Re: What better a metaldector of a GPR?|
July 22, 2002 at 23:04:04
In Reply to: What better a metaldector of a GPR?
posted by Jed on July 22, 2002 at 13:22:24
You might put this over on the geophysics forum and get more answers.|
I have used GPR for over 20 yr and metal detectors for over 30 so have some reasonable knowledge. There are lots of GPR websites with theory, etc., and you might want to check them out on a search engine.
The primary advantage of the GPR is that it sees reflections from lots of subsurface items with contrasting electrical properties, not just metals. For instance, you can located buried walls, voids, tombs, disturbed ground, cultural and natural geologic features within the ground. You can also locate metal which usually presents a great reflector. One typical use of GPR is to locate subsurface utility lines and the like. GPR penetration is based on the attenuation of the EM waves and is greatly affected by things like salt water, conductive clays, and other materials.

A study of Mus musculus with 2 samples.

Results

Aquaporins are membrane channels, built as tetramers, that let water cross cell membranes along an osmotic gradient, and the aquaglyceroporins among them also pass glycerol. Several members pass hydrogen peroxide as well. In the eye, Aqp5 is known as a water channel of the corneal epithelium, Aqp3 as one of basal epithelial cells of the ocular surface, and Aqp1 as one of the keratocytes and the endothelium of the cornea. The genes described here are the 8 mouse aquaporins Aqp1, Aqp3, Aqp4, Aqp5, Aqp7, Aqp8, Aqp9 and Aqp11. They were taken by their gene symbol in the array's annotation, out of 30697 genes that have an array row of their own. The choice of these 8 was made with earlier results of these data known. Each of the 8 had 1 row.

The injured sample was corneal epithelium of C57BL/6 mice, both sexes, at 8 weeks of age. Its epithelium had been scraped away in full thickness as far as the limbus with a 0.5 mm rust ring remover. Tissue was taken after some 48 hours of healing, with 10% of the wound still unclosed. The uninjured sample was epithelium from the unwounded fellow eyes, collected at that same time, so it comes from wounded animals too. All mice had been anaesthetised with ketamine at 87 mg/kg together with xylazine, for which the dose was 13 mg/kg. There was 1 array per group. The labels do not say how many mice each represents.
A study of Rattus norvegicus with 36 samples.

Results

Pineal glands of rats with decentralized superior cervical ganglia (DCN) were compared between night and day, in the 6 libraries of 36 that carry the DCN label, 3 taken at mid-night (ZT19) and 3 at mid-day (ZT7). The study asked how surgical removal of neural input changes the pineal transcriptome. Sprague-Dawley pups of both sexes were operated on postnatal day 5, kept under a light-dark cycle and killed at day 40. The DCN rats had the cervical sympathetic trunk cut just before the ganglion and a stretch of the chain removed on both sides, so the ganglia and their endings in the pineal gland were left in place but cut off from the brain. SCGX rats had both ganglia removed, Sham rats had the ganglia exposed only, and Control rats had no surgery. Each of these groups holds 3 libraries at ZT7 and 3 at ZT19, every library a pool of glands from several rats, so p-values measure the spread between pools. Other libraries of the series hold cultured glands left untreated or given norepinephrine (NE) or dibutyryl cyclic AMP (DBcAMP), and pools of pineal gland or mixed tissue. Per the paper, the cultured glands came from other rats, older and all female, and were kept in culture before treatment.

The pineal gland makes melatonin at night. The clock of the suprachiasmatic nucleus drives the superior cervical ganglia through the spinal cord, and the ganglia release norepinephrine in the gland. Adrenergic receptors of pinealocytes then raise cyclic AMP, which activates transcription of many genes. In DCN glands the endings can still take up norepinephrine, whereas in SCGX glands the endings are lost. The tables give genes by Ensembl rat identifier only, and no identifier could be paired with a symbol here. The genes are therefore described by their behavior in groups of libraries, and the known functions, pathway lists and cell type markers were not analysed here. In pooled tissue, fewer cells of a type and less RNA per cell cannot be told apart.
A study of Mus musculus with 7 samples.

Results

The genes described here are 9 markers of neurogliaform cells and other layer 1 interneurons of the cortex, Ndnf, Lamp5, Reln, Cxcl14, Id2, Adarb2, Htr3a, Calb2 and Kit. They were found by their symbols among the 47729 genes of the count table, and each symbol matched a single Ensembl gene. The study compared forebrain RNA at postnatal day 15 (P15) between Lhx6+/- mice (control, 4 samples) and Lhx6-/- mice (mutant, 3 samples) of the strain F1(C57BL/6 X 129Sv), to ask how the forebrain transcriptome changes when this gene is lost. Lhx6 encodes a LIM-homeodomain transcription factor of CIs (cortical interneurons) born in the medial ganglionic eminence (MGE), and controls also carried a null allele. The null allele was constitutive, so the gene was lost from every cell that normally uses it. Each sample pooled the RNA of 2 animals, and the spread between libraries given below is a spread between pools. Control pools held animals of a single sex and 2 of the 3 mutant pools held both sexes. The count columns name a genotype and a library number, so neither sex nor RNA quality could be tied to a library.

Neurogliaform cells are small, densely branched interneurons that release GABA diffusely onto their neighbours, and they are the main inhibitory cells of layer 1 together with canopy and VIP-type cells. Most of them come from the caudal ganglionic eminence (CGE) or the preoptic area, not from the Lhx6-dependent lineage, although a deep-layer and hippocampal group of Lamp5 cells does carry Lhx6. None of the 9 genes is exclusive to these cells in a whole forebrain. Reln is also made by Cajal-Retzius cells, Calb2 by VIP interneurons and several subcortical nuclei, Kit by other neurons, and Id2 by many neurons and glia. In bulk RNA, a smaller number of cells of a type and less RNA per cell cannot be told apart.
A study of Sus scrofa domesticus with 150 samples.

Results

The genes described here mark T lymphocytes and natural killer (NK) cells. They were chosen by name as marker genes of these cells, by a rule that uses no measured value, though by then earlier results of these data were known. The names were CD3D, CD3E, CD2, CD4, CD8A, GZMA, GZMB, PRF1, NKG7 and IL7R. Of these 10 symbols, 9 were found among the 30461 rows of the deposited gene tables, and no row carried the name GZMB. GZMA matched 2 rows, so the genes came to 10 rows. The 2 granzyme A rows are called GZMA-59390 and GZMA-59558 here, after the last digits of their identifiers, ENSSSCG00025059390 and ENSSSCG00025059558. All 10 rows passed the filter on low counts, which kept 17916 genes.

Metal detectors, of course, detect metals, and sometimes other conductive things and their penetration is also affected by subsurface geologic conditions.
Each unit has its own set of capabilities. I have been in places where a $500 metal detector works better than a $25,000 GPR. For archaeological purposes for non-metallic detection, the GPR is the best. Also, if you have complex metal in the subsurface, like a treasure buried among a bed of nails and metallic trash, the GPR may have the best chance.
Just because something costs a lot does not mean it will do what you want it to, it will just do what it does. It depends on your problem.